Sharing the wonders of travel & everyday adventures
The white concrete walls and lichen-covered facades of Santiago de Compostela are a heady contrast to my view of days past. As I sit here, looking across the window-framed historical centre, listening to church bells call the city to mass, I am filled with a quiet sense of accomplishment. To get here, I walked for weeks, for hundreds of kilometres, along a wise old pilgrimage trail and through some of the best landscapes Spain has to offer.
Last time I wrote about my Camino, I was still feeling blistered and broken after a four day solo slog in the Meseta. Further hindsight has added more value to that experience, especially now that I have finished my Camino, here in Santiago, and can appreciate the time and space afforded along the way. Of course, the Camino continued to offer new delights, lessons, places and people throughout the final weeks of the journey.
After reuniting with Dave in Carrion de los Condes and finding his knee was still barely able to carry him to the bar, let alone to Santiago, we drove day-by-day along the Camino to regain the injury time, hoping that each new morn would bring him a shiny new knee. The charming town of Sarria, which sits a little more than 100 km from Santiago, was where we finally resumed our pilgrimage. From there, we plodded along the final stretch, walking shorter days with gentler steps, meeting some friends from home, and taking more time to soak in the joys of food, wine and silliness along the way.
As we walked out of Sarria, it quickly became apparent that the Galicia region had a new set of words, foods, plants and landscapes to occupy our pilgrim days. The arid flats and mountainous passes gave way to hilly green, wet ferns, purple bell flowers, pine plantations. Long, fragrant paths were shadowed by silver gum trees that remind me of my faraway home. The air woke thick with a soggy fog, brewed dramatic clouds and often took delight in raining on us. Farmers grew jersey cows instead of cereals and tractors occupied more road space than cars.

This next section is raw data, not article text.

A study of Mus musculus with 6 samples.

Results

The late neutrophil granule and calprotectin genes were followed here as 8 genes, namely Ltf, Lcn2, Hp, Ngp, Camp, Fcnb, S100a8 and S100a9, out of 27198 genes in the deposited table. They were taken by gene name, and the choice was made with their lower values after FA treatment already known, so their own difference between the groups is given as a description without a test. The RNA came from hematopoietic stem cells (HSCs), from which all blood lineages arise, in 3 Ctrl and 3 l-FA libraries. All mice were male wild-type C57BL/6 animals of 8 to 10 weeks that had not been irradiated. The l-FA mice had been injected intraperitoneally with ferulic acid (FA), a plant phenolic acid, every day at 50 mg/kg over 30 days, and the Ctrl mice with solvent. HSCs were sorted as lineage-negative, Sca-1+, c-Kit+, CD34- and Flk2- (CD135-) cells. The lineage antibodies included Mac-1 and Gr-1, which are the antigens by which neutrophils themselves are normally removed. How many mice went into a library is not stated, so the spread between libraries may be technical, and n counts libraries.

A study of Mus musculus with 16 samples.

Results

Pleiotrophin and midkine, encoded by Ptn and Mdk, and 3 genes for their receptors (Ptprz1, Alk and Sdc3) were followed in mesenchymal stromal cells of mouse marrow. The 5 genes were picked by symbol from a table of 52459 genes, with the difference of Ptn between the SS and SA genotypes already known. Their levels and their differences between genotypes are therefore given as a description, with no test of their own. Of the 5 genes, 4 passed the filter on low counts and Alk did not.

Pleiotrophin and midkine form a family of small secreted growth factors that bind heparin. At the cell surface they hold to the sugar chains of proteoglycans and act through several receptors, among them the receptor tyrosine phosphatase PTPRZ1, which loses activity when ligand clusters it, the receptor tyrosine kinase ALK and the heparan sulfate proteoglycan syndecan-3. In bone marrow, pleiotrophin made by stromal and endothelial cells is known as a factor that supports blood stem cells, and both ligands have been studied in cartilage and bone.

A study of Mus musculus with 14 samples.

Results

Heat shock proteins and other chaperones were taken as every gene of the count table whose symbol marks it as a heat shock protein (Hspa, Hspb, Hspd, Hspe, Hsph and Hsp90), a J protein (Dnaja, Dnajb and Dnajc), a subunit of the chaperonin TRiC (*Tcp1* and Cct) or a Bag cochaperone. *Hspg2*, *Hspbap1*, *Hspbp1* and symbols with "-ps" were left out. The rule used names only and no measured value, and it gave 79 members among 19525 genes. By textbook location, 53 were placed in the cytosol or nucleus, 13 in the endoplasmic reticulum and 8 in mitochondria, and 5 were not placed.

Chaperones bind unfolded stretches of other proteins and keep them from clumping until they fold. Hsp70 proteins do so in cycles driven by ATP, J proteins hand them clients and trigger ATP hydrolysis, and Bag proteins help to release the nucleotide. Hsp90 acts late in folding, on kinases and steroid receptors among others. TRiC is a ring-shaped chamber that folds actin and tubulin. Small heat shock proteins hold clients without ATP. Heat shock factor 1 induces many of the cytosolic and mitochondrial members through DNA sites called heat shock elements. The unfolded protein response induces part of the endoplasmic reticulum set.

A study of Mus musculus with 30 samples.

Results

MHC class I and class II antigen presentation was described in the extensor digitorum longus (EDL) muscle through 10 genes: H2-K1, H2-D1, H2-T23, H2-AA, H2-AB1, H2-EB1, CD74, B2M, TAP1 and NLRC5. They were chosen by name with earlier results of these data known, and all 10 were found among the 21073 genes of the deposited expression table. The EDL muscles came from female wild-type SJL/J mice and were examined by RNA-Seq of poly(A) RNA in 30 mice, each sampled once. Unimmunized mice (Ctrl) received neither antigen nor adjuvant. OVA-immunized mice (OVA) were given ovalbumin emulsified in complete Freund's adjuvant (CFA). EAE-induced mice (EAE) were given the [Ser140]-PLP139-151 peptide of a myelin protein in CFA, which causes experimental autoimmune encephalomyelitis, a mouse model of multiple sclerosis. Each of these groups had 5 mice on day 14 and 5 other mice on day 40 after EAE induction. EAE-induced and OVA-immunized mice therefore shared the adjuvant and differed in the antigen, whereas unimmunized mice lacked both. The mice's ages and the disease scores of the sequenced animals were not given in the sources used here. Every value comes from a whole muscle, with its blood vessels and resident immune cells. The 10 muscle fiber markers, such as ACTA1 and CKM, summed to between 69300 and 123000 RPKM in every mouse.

Cervesa had become cana and sidra was sweeter. Suddenly tortilla meant omelette, as well as the familiar potato and egg cake, and lentil soup could be gleefully found on almost every menu. Vegetable gardens grew in scale and impressiveness, as did the rose bushes in full, delightful bloom. And, each house was accompanied by peculiar stilted huts, which we eventually realised are designed to store corn and built to show status.
In that final 100km, I rediscovered the joy of singing out loud and let go of my urge to find internet in towns where phone reception was a push. I also realised that one of my favourite things about walking the Camino was finding myself somewhere new everyday. I often stopped along the trail, caught by the sight of a red tiled roof or rickety farmyard and thought, ‘I am in Spain’, how wonderful’. As I fell asleep each night with a weary body and refreshed mind, I marvelled at being somewhere that I’ve never heard of before, somewhere that pilgrims have passed through for hundreds of years, somewhere with a group of strangers who are also journeying somewhere. As each new day brought little lessons and bits to grit my teeth through, it also showered me with delights, taught me more about simple pleasures, and a nurtured a deepening calm to steady me through the harder moments.
So here I am now, sitting by a window in Santiago, slowly reintroducing myself back into the non-Camino world and willing myself to continue that Camino brand of open, light-hearted simplicity as I continue my journey to other places, through other challenges, and towards other wondrous experiences.
There are so many Camino moments and tips that I’d love to share with you and just not enough time to write them all up while I’m on the road… but, keep an eye out for my posts about my lessons from the Camino and my Camino packing guide, as well as stories about towns I loved along the way.
From here, I will be spending a couple of weeks exploring other parts of Spain, like San Sebastian and the southern regions, so stay tuned for more Spanish delights.